Sarah sat at her desk planning out the week's agenda. Being a dance teacher had much responsibility. She had to plan a group class and a private session for each student, plus set a recital date. She wanted a recital every three months so her students had something to look forward to. She also had to plan a solo for herself. This would motivate the students so they would know what lay in store for them if they worked hard.
Melinda had stopped by that day and asked if Kayla could have dance lessons and Sarah was excited to teach such a sweet young girl. Kayla seemed excited and her enthusiasm had rubbed off on Sarah. It was a joy to teach children who wanted to learn.
Sarah pushed her raven black hair out of her face as she thought about her situation. She was grateful she had moved to Paris, Idaho to begin her dance school. The people in Bear Lake Valley were so congenial and seemed to accept her at face value. They never treated her like she was different and that brought her great joy. At the Saturday night socials, she never had a chance to rest. She always had a dance partner. The young men accepted her without question, knowing she was different than other girls. Her condition didn't seem to bother them at all.
The students at college were a completely different story. The coeds tended to ignore her and the young men never pursued a relationship after finding out about her condition. She figured it was because they felt uncomfortable around her. Ignorance was a major problem in a situation like hers. But then it probably was her own fault for choosing a prestigious college in the first place.
The only reason she had chosen Radcliff College was because Helen Keller had attended there, graduating magna cum laude. She had felt a kinship towards her, although her situation was different than Helen's. Sarah had lost her hearing at the age of thirteen after a prolonged illness. Helen Keller was born deaf and it took her a few years to learn to communicate with others, but Sarah had learned to speak before her illness.
The doctors figured that she had lost approximately sixty to seventy percent of her hearing. She could hear low, deep sounds such as music, but higher pitches were more difficult and usually drove her crazy. After becoming deaf, every sense she had seemed to be accentuated: her smell, her touch, her sight, even sound vibrations that others just take for granted such as music or the vibrations of the earth.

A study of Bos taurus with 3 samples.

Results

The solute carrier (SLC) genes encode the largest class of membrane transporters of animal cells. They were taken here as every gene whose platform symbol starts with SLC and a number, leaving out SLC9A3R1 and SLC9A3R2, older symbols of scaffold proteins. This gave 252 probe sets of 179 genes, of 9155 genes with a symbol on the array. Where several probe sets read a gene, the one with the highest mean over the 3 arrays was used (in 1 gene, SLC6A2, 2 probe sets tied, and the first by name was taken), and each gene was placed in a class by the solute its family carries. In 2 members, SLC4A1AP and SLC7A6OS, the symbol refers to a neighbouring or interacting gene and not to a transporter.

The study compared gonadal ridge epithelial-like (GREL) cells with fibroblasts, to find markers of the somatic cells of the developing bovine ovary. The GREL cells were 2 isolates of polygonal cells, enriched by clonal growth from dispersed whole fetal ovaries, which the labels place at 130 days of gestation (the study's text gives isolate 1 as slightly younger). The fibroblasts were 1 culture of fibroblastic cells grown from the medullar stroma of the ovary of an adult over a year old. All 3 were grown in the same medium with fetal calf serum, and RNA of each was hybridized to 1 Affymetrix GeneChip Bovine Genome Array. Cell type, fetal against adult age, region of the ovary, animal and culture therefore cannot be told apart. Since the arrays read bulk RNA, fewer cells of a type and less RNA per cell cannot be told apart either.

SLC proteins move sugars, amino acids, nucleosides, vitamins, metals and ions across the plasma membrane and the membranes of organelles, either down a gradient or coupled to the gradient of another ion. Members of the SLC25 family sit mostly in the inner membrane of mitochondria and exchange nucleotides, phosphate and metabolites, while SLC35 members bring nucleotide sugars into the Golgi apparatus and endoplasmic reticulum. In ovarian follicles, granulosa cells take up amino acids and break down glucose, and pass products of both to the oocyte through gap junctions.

Sarah was taught sign language but it had been difficult, like learning a foreign language, so she decided to work hard at reading lips. She was now quite proficient at it.
The professors at the college had been wonderful. They had gone out of their way to help her. They were impressed that she wanted to be a dance teacher and supported her decision, perhaps because Helen Keller had attended this college and left behind her legacy.
After arriving in Paris, Sarah realized she needed a plan. She needed to prove herself to the community. She announced a free dance recital by putting posters all over the whole valley. To make her plan successful, she also went about the community getting to know the people personally, announcing her recital, and hoping their curiosity would win out. It was a perfect plan and it worked.
The night of her recital the place was packed. She figured it was because they were curious, wondering how a dance teacher in her condition could dance. She knew that she could use their curiosity to her advantage, so she prepared a variety of dances to show off her expertise. She performed some ballet, different tap dances, and the Spanish flamenco, just to mention a few.
After an hour of dancing, Sarah bowed and thanked everyone for coming. When the audience immediately stood, applauding and giving her a standing ovation, tears welled up in her eyes. She had not expected this kind of response. Her emotions were close to the surface as she looked at the audience and saw the joy in their faces. She had touched their hearts.
She bowed and then performed once again, receiving another standing ovation. The audience was alive with wonder and enthusiasm. After an hour of standing ovations, Sarah was exhausted and finally told the audience about the new Dance School she was opening and then excused herself.
The following week, one parent after another signed up their children for dance lessons. By the second week, Sarah had every day filled. The community had accepted her wholeheartedly, without question.
Sarah smiled as she placed the week's schedule in the drawer. She loved what she was doing and was glad she had chosen this road to take. She was also glad she had chosen Bear Lake Valley to make her home. First thing tomorrow, she would call on Melinda and arrange a time for Kayla.